Turkish teen rescued after six days in fallen building
Monday, February 9, 2004
ISTANBUL, Turkey -- A 16-year-old buried in a collapsed apartment building in central Turkey was pulled alive from the wreckage Sunday -- six days after the disaster.
Muhammet Kalem survived because he was trapped in a pocket formed by pulverized concrete, which allowed him to sleep, kept him warm and reduced his need for water. His father, Ahmet, had so little hope of seeing his son again that he had already dug his grave.
The teenager was the first survivor found since Tuesday.
"I kept hearing the voices of rescuers," Kalem told reporters after rescue workers pulled him out covered in a white film of crushed concrete. "I tried not to lose hope thinking they would eventually find me."
There are about 40 people believed to be buried in the wreckage of the 11-story building that collapsed last Monday in the city of Konya, about 160 miles south of Ankara.
Rescuers found five more bodies in the ruins Sunday as the death toll rose to 71, municipality spokesman Mehmet Yasa said. Kalem's rescue raised hopes that more survivors may still be found.
The head of the rescue team, Omer Cevikbas, said he saw the boy's eyes through a crack.
"We saw that a plastic pipe was moving," Cevikbas said. "When I looked down from an opening, I saw his eyes. It was amazing."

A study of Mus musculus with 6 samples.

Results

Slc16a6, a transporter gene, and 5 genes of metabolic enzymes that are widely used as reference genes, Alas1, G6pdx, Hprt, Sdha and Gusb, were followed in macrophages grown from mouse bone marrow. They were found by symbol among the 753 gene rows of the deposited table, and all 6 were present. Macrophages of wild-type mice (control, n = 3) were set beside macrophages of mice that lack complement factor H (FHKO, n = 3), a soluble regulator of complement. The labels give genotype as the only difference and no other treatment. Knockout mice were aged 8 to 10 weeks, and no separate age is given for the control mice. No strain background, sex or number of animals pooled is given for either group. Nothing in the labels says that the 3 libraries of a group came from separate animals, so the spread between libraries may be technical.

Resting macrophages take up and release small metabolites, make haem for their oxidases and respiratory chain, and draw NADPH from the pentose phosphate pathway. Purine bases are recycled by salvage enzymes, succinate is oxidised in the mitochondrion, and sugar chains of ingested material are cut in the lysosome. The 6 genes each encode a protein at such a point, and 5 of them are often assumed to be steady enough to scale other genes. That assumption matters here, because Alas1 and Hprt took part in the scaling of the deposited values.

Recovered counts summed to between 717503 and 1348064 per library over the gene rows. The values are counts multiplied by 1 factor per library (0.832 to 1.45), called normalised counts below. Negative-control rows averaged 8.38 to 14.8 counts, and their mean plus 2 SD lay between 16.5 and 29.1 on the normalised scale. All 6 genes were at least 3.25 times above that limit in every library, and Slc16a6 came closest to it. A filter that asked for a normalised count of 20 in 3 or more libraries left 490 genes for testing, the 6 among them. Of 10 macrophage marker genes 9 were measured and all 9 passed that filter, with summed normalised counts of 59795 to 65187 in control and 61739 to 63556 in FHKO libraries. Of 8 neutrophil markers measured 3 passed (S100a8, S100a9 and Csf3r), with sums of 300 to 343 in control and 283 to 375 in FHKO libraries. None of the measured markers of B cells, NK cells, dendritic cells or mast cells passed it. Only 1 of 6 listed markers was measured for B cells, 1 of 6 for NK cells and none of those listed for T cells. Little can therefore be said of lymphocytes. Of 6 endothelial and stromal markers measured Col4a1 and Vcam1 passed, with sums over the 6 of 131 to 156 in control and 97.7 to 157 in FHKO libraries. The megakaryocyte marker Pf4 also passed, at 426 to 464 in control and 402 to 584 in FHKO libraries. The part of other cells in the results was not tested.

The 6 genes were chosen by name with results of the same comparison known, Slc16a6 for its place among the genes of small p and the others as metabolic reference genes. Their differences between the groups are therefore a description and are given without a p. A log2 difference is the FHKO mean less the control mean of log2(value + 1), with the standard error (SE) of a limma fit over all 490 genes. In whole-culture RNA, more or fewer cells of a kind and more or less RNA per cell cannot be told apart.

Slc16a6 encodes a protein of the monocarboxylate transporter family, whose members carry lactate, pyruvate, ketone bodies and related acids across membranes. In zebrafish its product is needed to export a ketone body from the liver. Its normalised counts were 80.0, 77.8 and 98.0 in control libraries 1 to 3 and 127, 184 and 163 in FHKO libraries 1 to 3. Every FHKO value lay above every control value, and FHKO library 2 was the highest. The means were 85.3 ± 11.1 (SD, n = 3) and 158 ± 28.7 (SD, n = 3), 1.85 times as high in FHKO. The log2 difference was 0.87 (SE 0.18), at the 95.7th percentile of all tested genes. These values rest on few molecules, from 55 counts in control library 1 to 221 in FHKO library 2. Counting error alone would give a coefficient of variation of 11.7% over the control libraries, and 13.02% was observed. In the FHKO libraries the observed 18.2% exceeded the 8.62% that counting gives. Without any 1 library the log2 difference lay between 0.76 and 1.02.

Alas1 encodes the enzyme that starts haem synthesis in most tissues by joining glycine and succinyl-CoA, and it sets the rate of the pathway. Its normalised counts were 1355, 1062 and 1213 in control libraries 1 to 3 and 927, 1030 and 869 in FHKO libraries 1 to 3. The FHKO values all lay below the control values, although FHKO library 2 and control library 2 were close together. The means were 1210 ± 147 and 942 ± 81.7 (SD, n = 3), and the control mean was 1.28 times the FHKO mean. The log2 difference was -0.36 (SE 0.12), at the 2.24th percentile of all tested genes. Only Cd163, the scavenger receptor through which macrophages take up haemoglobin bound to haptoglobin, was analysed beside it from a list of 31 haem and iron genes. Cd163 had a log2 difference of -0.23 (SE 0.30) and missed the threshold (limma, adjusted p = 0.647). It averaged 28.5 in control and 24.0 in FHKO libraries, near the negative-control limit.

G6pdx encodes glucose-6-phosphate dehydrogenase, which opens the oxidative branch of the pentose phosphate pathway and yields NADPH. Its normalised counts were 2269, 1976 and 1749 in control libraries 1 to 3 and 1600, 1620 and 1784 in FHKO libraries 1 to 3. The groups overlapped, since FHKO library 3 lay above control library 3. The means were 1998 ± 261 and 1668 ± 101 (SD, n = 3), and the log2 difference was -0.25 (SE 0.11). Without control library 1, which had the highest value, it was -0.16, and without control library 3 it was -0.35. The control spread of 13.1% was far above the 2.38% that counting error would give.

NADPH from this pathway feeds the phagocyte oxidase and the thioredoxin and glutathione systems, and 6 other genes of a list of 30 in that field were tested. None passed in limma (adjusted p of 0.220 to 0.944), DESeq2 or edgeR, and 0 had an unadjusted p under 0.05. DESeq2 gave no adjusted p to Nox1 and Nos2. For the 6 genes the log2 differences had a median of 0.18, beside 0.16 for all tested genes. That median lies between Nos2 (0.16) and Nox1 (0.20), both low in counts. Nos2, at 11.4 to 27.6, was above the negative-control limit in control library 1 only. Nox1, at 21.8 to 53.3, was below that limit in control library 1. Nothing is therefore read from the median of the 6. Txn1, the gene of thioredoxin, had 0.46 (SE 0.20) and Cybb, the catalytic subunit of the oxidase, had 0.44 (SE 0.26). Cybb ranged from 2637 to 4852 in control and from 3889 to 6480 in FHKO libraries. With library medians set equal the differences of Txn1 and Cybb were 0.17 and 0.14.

Cevikbas added that the boy "asked what day it was and told us he was hungry and thirsty."
Kalem, who had cuts on his face and body, was taken to a hospital for observation. His doctor, Riza Saribabicci, said Kalem was in good condition but would spend the night in an intensive care unit for observation.
The doctor said Kalem's survival with no food or water for almost six days was "beyond my imagination."
Most people can survive only about two days without water, but Kalem was able to reduce his need for water by sleeping instead of struggling, Saribabicci said. The shroud of rubble covering his body also kept him warm through the freezing nights of Konya.
Kalem's father said he, too, was shocked his son survived. His wife and older son are missing, and he was so hopeless that he had already dug graves for all three.
"I had lost all hope, I still cannot believe it," Ahmet Kalem said. "I thought I would be burying him."
Officials have blamed the collapse on shoddy construction and a Turkish court on Friday charged two contractors, Vedat Kaya and Ismail Canlier, with negligence for ignoring building codes. It was not clear how many years they could face in prison if convicted. No trial date was set. The two will be held by police pending trial.
The building, which was only five years old and considered upscale in Konya, collapsed like an accordion, one floor on top of the other.
Shoddy construction has been blamed for many of the deaths in the 1999 quakes in western Turkey that killed more than 18,000 people. Experts say little has been done to address the problem of poor construction in the country.